The state agency for attracting investment, CzechInvest, had some positive news on Monday: last year the agency secured a record number of investments, worth a total of over three billion US dollars. And if a deal to build a huge Hyundai car plant to Moravia comes to fruition, this year could be even better.
Jeremy Rifkin is one of the most controversial American academics. The economist, philosopher, university professor and writer has published 17 books on the impact of scientific and technological changes on the economy, and has also been an advisor to many European politicians, including the former EU Commission president, Romano Prodi. David Vaughan caught up with him when he came to Prague towards the end of last year to plug the Czech edition of his newest book The European Dream - how Europe's vision of the future is quietly eclipsing the American
The Czech Republic currently has several institutions that promote it abroad. CzechInvest and CzechTrade, for example, focus on business and economics. CzechTourism is self-explanatory, and the country's numerous Czech Centres around the world mainly concentrate on culture. But the work of these agencies has never been co-ordinated. Until now that is. On Wednesday the government announced that Czech-Canadian Otto Jelinek is to become the country's first International Co-ordinator for Economic Activities.
In Business News: the National Bank governor warns the government's spending programme for 2006 could jeopardise plans to introduce the euro in 2010; the cabinet rejects an opposition plan to cut bureaucracy for small companies; employers will have to pay the first two weeks' sick pay; the Czech IT market grows by a tenth in 2005; and while over 5 percent of Czechs have broadband internet, plans for free WiFi in Prague meet opposition.
Just four days left to Christmas and no doubt many of you are still desperately running around the shops trying to do the last of your Christmas shopping. This year Czechs are borrowing more than ever to buy presents for their nearest and dearest - according to some figures Czechs will borrow some 415 billion crowns from banks alone.
There is reported to have been a breakthrough in talks with landowners in the Nosovice region in Moravia-Silesia, opening the way for a deal with the Hyundai car manufacturer who favours this particular site for the construction of a new plant. The governor of the region Evzen Tosenovsky ran into serious problems persuading some of the landowners to sell. After announcing that he would halt preparations for the industrial zone if a deal was not reached by Friday, the negotiations are said to have gained new impetus. Hyundai's decision on the location of the new plant is expected by the end of the year.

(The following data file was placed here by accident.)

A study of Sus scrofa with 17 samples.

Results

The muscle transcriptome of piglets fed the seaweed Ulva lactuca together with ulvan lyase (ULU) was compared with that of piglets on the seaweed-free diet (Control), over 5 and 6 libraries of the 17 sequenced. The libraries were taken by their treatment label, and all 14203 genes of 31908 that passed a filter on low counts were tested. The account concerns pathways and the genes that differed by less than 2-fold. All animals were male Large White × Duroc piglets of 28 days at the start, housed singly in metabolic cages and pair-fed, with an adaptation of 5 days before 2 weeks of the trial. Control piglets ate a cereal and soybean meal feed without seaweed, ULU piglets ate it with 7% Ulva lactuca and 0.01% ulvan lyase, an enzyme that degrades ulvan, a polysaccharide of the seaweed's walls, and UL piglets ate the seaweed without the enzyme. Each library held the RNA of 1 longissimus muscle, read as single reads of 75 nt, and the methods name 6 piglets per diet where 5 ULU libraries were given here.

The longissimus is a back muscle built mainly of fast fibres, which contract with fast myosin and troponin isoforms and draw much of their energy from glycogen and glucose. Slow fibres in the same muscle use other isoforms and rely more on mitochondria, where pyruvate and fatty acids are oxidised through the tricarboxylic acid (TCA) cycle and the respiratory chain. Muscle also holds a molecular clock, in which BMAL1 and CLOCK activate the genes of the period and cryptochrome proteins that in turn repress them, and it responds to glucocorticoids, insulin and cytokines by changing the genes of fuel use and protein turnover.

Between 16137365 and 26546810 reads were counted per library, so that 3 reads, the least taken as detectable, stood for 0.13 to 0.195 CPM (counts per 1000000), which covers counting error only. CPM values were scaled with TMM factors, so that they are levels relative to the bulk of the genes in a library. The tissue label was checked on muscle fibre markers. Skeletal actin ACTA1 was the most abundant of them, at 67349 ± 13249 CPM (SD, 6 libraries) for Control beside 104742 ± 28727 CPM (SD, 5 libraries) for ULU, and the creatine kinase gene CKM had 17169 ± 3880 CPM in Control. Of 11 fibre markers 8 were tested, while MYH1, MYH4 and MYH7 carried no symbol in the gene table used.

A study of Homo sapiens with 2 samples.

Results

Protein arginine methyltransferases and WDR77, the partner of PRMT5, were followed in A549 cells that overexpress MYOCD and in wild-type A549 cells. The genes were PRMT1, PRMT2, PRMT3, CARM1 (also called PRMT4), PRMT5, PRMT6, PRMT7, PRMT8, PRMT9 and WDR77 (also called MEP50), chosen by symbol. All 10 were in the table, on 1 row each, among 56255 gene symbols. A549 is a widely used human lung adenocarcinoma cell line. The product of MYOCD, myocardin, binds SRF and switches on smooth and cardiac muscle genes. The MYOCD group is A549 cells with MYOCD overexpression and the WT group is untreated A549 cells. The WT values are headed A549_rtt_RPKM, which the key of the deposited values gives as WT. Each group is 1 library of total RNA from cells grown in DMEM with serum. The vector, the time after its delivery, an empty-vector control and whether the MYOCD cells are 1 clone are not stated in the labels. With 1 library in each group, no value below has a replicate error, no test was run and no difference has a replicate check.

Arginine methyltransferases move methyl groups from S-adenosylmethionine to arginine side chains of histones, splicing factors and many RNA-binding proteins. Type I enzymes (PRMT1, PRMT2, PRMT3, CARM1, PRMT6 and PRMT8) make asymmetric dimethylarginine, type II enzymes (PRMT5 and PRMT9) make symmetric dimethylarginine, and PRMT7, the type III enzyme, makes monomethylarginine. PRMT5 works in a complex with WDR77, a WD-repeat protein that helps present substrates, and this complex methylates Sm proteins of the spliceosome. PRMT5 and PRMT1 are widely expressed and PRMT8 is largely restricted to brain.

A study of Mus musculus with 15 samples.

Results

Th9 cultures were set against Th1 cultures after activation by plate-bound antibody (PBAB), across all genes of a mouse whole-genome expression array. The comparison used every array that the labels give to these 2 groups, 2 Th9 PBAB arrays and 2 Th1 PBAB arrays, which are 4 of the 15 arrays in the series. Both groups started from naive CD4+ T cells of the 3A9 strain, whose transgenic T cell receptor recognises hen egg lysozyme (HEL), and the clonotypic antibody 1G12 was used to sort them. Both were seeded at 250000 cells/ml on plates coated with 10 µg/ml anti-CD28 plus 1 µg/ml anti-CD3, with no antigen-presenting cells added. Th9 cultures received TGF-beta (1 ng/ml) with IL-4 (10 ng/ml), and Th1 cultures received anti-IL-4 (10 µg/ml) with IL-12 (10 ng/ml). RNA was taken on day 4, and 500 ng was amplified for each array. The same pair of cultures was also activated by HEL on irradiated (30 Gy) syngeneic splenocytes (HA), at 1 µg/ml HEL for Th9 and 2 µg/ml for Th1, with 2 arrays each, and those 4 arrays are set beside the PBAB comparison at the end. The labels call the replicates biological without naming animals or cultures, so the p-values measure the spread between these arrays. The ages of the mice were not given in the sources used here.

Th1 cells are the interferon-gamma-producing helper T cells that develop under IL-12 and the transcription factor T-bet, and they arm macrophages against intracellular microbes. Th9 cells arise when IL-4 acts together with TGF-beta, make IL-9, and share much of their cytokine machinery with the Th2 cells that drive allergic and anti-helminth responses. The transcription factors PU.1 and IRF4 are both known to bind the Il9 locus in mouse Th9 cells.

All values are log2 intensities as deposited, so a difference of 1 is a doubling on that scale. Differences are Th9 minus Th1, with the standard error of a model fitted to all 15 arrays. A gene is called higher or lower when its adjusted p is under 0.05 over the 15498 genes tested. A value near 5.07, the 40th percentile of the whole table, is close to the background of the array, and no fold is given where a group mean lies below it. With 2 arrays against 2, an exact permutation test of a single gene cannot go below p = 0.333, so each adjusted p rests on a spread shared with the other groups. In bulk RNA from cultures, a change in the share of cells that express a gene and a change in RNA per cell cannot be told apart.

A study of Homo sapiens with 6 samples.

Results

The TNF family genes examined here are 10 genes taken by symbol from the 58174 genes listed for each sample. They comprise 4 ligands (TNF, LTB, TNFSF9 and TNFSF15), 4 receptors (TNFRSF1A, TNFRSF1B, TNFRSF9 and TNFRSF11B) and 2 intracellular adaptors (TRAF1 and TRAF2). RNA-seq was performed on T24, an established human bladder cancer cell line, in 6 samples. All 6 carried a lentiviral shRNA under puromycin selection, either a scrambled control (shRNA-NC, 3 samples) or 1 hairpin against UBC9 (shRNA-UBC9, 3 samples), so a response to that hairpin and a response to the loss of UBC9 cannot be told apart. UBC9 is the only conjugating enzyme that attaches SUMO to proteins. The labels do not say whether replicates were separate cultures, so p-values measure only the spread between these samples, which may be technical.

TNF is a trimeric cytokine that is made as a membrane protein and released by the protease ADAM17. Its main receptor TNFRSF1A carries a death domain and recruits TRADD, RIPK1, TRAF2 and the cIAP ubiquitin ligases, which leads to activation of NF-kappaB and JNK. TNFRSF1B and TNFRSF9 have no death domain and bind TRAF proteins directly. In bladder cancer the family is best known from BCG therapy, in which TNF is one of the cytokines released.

A new survey released by Intrum Justitia has revealed that when it comes to payments Czech firms are the second-worst in Europe. Of seventeen countries examined only Portugal fared worse. According to the survey, among developed countries, the Czech Republic has three times the number of cases where creditors never receive payment. Justitia's director indicated on Tuesday that over two years of study the Czech Republic had improved somewhat on the risk index, but not enough to see a change in the country's position overall on the ratings ladder.
In Business News: the Czech crown reached a record high against the euro this week; the average gross monthly wage grew to almost 19,000 crowns in the third quarter; the anti-monopoly office has imposed a fine of over 8 million dollars on Cesky Telecom for abusing its market dominance; and the prices of gas, electricity and heating are set to rise from the start of next year.
Former Prime Minister Gross, Trade Minister Urban asked to testify before Parliament on Unipetrol privatisation; CTS Corporation of the US to invest $22m in new electronic components plant in Ostrava region; German retailer Edeka may exit Czech Republic, denies plans to sell its Polish, Austrian and Danish outlets; Police bust illegal alcohol production and distribution network; CNB, financial associations object to Parliament provision in bankruptcy bill compensating holders of anonymous accounts; Health Minister Rath wants Parliament to investigate
Doing business in the Czech Republic poses few risks for the foreign investor, but corruption and bureaucracy remain problematic, the British analytical firm Control Risks says in its annual flagship publication RiskMap 2006. The report predicts that the main opposition Civic Democrats will win the June 2006 parliamentary elections but will fail to secure a majority in the 200-member lower house. RiskMap therefore expects the ruling Social Democrats to remain in power as part of a coalition. Whatever the outcome of the elections, the Control Risks firm expects no major reforms before June and a stable economic and business climate.